Derek Dames Ohl
Posted at 9:14 PM, Oct 10, 2022
and last updated 2022-10-11 00:23:09-04

DENVER — With a simple strum of his guitar, there's no questioning why Derek Dames Ohl became a musician.

"It's been going really great. Honestly, it has," he said Monday.

Then, someone stole the 28-year-old Boulder native's car last week.

"Since that's happened, it's put a standstill on how I can make my money and how I just go about living my life," Ohl said.

He had parked his car outside his friend's home on West 29th Avenue and Java Court late Wednesday night after a gig. They played some tunes on the front porch into the morning hours before going to sleep.

"I went to bed looking at my car and woke up and walked out the next day and was just, like, you know ... It was a "Dude, Where's My Car" moment that didn't end well," Ohl said.

His 2017 white Kia Soul — which has a cracked windshield, a front left rim unlike the others and several stickers on the back — was gone.

Not only did the thieves get away with his car, but they also escaped with all the music gear he uses to perform, like a PA system, microphones, cables, etc.

"It's like three to $5,000 worth of equipment," Ohl said.

To make matters worse, Ohl says the gear that was in his car was not insured, and he worries his car insurance won't be enough to cover the cost of replacing his car.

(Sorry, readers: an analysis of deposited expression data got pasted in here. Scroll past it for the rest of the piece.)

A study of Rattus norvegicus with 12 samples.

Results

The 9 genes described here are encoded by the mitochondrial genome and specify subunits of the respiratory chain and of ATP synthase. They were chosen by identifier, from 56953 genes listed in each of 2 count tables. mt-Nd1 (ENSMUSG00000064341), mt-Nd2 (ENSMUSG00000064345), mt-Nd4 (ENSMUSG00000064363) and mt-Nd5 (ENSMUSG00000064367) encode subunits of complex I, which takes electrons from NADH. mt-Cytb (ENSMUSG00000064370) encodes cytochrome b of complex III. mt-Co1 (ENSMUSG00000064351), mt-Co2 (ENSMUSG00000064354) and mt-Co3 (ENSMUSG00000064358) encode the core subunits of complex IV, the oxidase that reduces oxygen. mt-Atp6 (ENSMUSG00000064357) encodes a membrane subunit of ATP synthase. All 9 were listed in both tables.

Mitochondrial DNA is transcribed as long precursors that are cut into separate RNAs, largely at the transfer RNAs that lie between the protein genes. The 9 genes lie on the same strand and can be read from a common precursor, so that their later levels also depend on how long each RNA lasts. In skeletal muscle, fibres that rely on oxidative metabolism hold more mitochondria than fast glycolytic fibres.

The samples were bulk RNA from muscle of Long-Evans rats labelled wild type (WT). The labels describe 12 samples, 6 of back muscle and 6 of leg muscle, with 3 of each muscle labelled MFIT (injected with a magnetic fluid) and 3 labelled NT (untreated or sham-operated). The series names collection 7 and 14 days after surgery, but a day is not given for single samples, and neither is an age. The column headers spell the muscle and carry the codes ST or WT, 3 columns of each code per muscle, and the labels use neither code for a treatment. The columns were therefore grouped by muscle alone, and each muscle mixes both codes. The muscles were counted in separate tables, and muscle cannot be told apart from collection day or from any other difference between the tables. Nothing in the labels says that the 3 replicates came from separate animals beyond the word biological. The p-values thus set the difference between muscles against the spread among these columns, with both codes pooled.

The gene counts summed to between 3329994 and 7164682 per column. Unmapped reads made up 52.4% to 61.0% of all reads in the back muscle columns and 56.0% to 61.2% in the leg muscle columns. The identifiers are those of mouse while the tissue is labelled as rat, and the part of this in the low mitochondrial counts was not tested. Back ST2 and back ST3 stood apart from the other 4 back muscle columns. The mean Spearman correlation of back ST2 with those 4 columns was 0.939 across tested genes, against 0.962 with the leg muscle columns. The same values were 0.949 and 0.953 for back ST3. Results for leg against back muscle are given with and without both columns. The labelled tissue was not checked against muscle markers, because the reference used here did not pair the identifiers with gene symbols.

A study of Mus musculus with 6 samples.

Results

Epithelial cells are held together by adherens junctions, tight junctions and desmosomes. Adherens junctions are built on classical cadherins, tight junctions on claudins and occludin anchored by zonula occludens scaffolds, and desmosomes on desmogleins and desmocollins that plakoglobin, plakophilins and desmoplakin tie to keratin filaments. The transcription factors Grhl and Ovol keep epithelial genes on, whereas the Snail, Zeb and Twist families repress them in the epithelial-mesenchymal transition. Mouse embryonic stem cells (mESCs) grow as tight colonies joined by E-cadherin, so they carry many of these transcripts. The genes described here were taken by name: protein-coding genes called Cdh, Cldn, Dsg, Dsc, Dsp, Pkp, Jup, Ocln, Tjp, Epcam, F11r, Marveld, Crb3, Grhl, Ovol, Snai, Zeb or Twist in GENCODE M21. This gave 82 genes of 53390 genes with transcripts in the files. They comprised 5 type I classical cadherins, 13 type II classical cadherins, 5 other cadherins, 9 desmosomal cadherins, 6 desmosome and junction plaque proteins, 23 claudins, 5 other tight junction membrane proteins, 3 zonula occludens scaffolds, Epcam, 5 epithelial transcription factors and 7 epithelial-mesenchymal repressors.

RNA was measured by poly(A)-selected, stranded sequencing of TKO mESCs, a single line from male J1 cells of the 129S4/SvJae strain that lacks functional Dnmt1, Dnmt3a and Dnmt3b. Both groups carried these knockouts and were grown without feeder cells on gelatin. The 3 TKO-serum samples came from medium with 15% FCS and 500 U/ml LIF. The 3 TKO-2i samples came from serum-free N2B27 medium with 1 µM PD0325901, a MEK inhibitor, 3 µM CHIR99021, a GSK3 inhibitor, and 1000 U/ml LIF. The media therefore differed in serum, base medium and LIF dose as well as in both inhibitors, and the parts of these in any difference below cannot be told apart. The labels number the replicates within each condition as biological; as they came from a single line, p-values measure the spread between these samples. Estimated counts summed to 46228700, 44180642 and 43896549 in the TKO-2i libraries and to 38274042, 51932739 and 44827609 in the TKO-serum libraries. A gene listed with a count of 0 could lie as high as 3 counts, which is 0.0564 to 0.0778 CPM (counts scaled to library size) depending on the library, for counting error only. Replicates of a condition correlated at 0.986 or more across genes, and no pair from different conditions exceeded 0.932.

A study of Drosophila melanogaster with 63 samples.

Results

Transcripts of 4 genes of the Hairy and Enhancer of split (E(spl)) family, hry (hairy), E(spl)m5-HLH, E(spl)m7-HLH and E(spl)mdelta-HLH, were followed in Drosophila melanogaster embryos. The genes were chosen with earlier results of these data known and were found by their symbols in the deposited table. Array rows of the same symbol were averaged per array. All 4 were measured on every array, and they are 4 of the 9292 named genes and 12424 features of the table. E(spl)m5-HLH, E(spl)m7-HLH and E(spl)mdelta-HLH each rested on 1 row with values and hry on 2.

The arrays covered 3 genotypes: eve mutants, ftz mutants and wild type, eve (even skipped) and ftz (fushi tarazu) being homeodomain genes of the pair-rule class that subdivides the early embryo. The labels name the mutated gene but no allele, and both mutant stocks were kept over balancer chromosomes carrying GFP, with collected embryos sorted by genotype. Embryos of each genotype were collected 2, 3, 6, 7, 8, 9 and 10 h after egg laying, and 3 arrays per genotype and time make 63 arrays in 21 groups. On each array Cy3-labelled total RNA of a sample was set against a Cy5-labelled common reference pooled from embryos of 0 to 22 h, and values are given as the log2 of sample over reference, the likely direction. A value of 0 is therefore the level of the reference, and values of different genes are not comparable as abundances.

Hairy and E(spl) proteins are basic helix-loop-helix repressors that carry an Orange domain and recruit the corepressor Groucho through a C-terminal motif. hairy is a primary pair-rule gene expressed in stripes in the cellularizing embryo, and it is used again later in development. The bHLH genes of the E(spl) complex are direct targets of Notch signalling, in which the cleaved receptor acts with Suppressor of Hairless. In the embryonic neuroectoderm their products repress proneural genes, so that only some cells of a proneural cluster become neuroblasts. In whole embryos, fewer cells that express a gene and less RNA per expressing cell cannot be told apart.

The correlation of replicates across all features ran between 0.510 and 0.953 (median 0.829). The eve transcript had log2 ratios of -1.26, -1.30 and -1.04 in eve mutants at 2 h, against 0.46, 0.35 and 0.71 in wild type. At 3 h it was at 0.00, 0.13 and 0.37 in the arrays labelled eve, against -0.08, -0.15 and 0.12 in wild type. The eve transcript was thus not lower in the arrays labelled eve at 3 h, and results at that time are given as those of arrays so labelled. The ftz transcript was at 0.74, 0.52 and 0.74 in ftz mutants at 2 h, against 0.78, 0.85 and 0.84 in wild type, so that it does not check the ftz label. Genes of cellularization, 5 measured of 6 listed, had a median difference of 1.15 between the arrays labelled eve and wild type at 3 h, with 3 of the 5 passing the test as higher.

"The one thing I was lucky that I took out that night was my guitar," he said.

But no matter how talented Ohl is at playing his guitar and singing his tunes, he knows without his gear and a car to get him to his gigs, his future as an Americana singer-songwriter is in jeopardy. A tour he had scheduled for the month of November may have to be postponed, along with some of his upcoming local gigs.

"How long can I go borrowing people's cars and borrowing people's gear?" Ohl said.

However, he has faith in his music career and in others, as luck has already gotten him this far.

"The world has a weird way of helping things work out in the end, even if the end is a little bit farther out than you might want it to be," Ohl said.

Ohl is a victim of a troubling trend in Denver. According to Denver police records, there were 12,218 reports of stolen cars last year. So far this year, there have been 11,721 reports, about 500 short of last year's total. The records also show there was a 131% increase in car thefts between 2019 and 2021.